Waiting on a rivalry

Waiting on a rivalry
July 19, 2013, 11:00 am

Well, it doesn’t help the teams still haven’t met in the postseason since the historic 2004 ALCS, but the rivalry really shut down with Boston’s September 2011 collapse. From that moment, through 2012, the Sox had too many other things to worry about without getting all that worked up about the Yankees. It’s hard to find the strength to hate your biggest rival when you’re so consumed with hating yourself. As for the Yankees, there’s only so much emotion and satisfaction to be found in pounding on your rival (which they did 13 of 18 times last year) when your rival is in such a pathetic state. Would Peter Griffin have as much fun beating up that big yellow chicken after it was already flame broiled and sliced up on a platter?

The 2013 Sox season opened at Yankee Stadium, a stage tailor made to jump start the insanity, but again, for the Sox, the series wasn’t about the Yankees; there were still more focused on cleaning up their own house than they were with taking a dump in the Yankees’. Meanwhile, injuries had ravaged the once proud New York line-up and left them with a roster as recognizable as Steve Nebraska’s supporting cast in The Scout. Ben Francisco? Francisco Cervelli? Chris Stewart? David Adams? Plus a mix of old names and faces long past their primes like Ichiro, Vernon Wells, Travis Hafner and Lyle Overbay.

The Sox took two of three in the opening series, and two of three when the teams met at Yankees Stadium again from May 31-June 2. But over those six games, there was something missing. Sure, there was a little extra animosity. You could dress up two teams of monkeys in Sox and Yankees uniforms and they’d find a way to despise each other. But it’s not the same. The Red Sox and Yankees aren’t the same. NOTHING IS THE SAME.

For one, the Sox and Yankees have officially swapped roles. As we start the second half, Boston is the team with hope for the immediate future. They’re not without issues, but they sit atop of the American League. They’re feeling good. They find themselves in a place of power over the guys in pinstripes. On the other hand, the Yankees are gasping for air.

Despite miraculously finding themselves seven games above .500, it appears unlikely that New York can keep it up. Mark Texeira is done for the year. Derek Jeter is 39 and back on the DL. Curtis Granderson is back on the DL and isn’t set to return until August, at which point he’ll inevitably end up back on the DL. A-Rod may return next week, but his body’s breaking down and a large suspension might be looming.

As it is, the Yankees offense has been brutal. They start the second half ranked 20th in the majors in runs and homers; they’re 24th in team batting average (.243!) and .OBP. They have a negative run differential, and are one of only two above-.500 teams in baseball who can say that.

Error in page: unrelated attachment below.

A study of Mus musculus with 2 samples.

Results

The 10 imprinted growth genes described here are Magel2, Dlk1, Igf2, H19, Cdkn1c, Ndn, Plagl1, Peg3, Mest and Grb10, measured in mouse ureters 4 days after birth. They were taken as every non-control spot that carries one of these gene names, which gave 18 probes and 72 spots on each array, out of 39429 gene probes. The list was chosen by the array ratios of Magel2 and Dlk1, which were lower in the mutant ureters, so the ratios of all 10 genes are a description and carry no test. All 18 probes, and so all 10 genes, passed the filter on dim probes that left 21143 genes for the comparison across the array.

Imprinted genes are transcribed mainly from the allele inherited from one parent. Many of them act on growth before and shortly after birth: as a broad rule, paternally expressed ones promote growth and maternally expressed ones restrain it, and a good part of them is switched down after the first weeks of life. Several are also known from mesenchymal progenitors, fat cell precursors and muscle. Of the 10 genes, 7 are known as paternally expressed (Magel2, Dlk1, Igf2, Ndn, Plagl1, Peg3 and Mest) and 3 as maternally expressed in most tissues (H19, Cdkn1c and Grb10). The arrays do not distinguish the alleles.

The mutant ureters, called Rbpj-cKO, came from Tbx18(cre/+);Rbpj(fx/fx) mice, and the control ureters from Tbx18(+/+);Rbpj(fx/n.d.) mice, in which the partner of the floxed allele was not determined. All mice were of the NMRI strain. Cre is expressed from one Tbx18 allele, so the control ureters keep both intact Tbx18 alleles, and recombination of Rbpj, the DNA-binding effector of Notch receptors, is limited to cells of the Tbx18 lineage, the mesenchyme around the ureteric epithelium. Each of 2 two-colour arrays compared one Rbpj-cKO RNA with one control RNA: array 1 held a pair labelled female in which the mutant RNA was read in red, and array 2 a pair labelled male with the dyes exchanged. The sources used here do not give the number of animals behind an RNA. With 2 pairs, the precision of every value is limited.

To this point, they’ve been kept alive by their pitching, but that looks on the verge of collapse as well. CC Sabathia (who will throw on Sunday night) is a few days shy of his 33rd birthday and it shows. He’s 9-8 with a 4.07 ERA. He’s currently posting career worsts in hits and homers per nine innings, as well as adjusted ERA.

Andy Pettite, who pitches for New York tonight, recently celebrated his 41st birthday, and it shows. (He’s 7-6, but his 4.39 ERA is the third worst in his 18 year career, and his 92 ERA+ is the worst). New York’s most reliable pitcher has been Hiroki Kuroda, and he starts on Saturday, but he’s also 38 years old.

In other words, much like the Sox last year, the Yankees have a hell of lot more to worry about than this rivalry. They’re not trotting into Fenway this weekend looking for a showdown with the hated Sox. To be honest, they don’t have all that many reason to even hate them anyone. It doesn’t matter who they’re playing, they just need to win. If they don’t, and fast, the New York Yankees could possibly find themselves as sellers at the deadline, thus reviving another string of awful “Maybe the Mayans were right!” jokes and potentially leading Brian Cashman to put out a mob hit on ARod.

But the bottom line is, for yet another series and potentially another season, the storied Red Sox/Yankees rivalry will lack the intensity by which it used to be defined, and at this point it’s fair to wonder when we’ll see that intensity again. Will it take another A-Rod/Varitek-like brawl? A long awaited playoff rematch?

Either way, as long as the Sox maintain the upper hand, the wait will be a little easier to swallow.